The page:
Amid a historic pandemic that’s rocked the world’s economy, one company has found renewed success despite a global economic shutdown.
Video conferencing app Zoom has seen participation grow to over 300 million with offices, schools, religious organizations, and even friends and families using the platform to meet up. Yet, last week the technology firm spurred a wave of backlash after announcing it will not offer end-to-end encryption for free users in order to better assist law enforcement, subsequently raising questions surrounding privacy, cronyism, and Zoom’s pattern of profiteering.
In a call with investors on June 2, Chief Executive Officer Eric Yuan said end-to-end encryption, which provides the highest level of digital security for communication, would only be available to their paying customers. “Free users,” Yuan said, “For sure, we don’t want to give [them] that because we also want to work together with the FBI, with local law enforcement, in case some people use Zoom for a bad purpose.”
Yuan was referring to Zoom’s security vulnerabilities which have allowed uninvited guests to infiltrate calls (known as Zoom bombing) and child predators to live stream abuse. Yet the decision struck a tone-deaf chord among activists with the recent resurgence of the Black Lives Matter movement and nationwide calls to end police brutality over the murders of George Floyd, Breonna Taylor, Ahmaud Arbery, and so many others. So, what do these new privacy changes mean for organizers and activists?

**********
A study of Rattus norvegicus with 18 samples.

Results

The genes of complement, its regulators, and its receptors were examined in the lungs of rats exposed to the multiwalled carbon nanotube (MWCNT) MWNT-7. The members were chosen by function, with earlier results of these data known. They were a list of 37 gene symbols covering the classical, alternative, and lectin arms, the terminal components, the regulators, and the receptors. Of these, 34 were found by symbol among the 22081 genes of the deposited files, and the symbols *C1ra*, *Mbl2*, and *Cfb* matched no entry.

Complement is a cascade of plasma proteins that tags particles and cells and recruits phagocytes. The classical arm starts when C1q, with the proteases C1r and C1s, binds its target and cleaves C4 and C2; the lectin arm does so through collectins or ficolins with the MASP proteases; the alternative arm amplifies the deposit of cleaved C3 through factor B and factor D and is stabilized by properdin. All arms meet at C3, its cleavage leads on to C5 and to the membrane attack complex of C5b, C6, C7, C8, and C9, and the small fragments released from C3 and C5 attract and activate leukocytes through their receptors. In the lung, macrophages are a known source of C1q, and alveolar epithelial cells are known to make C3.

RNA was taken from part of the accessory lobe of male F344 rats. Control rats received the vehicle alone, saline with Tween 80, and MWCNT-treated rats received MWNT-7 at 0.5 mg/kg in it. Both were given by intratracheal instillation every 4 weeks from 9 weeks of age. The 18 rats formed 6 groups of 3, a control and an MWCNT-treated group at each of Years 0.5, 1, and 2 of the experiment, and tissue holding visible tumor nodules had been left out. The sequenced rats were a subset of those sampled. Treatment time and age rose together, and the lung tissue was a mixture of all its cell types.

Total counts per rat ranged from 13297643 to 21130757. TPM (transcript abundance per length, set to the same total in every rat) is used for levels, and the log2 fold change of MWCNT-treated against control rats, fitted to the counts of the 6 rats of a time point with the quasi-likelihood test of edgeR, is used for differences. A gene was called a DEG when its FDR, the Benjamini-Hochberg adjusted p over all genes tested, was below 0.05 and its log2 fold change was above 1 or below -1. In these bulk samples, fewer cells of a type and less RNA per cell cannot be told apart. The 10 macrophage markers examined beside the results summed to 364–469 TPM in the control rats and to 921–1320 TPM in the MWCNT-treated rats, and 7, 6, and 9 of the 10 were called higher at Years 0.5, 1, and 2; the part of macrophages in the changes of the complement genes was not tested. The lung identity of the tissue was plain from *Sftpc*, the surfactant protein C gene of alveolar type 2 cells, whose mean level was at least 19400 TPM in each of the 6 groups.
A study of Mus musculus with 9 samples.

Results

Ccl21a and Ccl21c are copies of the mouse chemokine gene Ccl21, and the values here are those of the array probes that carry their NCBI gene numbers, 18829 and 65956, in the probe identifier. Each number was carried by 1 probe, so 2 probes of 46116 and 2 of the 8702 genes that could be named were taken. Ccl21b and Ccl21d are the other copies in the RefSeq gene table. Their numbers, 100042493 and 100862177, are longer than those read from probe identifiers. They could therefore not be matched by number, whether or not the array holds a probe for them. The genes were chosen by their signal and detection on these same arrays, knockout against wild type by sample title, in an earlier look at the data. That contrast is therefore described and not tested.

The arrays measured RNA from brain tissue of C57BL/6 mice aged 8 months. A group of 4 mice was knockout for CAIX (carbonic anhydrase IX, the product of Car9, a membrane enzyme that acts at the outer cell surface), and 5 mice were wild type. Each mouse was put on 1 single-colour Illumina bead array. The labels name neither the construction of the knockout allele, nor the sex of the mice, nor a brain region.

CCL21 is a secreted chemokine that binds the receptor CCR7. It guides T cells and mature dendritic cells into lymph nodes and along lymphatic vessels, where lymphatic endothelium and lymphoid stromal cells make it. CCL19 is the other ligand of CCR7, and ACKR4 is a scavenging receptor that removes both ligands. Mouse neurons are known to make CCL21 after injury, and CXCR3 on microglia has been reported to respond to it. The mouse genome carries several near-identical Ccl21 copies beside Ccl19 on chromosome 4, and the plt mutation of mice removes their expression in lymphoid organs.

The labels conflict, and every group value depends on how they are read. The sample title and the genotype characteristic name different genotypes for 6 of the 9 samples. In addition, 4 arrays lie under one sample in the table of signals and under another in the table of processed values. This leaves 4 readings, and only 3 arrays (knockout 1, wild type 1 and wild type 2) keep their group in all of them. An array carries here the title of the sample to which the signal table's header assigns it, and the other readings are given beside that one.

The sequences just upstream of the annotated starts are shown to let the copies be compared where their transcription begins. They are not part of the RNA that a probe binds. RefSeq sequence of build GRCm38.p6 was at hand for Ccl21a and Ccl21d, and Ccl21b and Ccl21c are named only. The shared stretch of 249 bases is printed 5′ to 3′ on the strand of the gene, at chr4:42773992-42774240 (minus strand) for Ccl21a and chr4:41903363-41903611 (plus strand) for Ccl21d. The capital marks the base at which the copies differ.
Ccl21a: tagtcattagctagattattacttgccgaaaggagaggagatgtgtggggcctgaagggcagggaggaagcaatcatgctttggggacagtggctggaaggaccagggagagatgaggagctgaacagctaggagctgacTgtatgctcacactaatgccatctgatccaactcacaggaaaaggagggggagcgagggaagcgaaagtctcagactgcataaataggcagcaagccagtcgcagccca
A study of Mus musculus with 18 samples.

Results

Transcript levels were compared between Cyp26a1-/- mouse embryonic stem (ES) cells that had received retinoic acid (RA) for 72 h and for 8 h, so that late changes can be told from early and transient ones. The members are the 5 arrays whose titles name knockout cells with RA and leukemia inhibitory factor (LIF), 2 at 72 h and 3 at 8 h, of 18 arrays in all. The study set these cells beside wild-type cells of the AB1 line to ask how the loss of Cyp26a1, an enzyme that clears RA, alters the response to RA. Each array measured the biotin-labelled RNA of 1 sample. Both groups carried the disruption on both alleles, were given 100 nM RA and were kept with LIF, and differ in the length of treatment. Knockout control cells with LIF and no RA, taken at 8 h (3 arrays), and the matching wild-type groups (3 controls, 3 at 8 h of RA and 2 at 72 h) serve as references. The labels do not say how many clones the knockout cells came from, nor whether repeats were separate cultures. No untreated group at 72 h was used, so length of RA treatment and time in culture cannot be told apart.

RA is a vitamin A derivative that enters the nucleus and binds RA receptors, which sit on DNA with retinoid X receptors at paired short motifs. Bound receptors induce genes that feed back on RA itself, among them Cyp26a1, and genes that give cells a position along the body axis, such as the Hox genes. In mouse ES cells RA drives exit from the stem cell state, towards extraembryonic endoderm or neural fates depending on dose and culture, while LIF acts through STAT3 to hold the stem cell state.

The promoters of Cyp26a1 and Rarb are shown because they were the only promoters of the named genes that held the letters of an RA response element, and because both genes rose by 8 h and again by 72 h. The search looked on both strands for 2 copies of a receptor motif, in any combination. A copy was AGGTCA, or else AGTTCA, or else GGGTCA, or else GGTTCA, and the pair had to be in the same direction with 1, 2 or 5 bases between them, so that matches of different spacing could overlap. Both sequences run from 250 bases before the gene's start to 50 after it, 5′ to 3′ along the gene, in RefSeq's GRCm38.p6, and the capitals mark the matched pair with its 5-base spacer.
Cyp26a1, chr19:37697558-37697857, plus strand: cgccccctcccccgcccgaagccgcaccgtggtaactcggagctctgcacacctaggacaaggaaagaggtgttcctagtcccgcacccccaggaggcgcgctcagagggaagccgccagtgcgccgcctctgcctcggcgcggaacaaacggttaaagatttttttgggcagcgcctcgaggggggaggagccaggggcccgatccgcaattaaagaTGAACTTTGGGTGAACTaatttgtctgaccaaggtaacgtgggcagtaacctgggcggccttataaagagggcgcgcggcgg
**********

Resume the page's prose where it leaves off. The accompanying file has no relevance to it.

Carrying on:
"Essentially, Zoom is creating a paywall for privacy,” Brandon Forester, National Organizer for Internet Rights and Platform Accountability at MediaJustice, tells Supermaker in an email. “They are saying—in this moment with law enforcement daily ramping up violent attacks and surveillance on Black dissent and organizing—that they believe it's necessary to give police access to the private conversations of only those who use Zoom's services for free. When so many are raising their voices urging institutions and corporations to divest from their relationships with racist and anti-Black police, it's an almost impressively ill-informed decision to make and say out loud."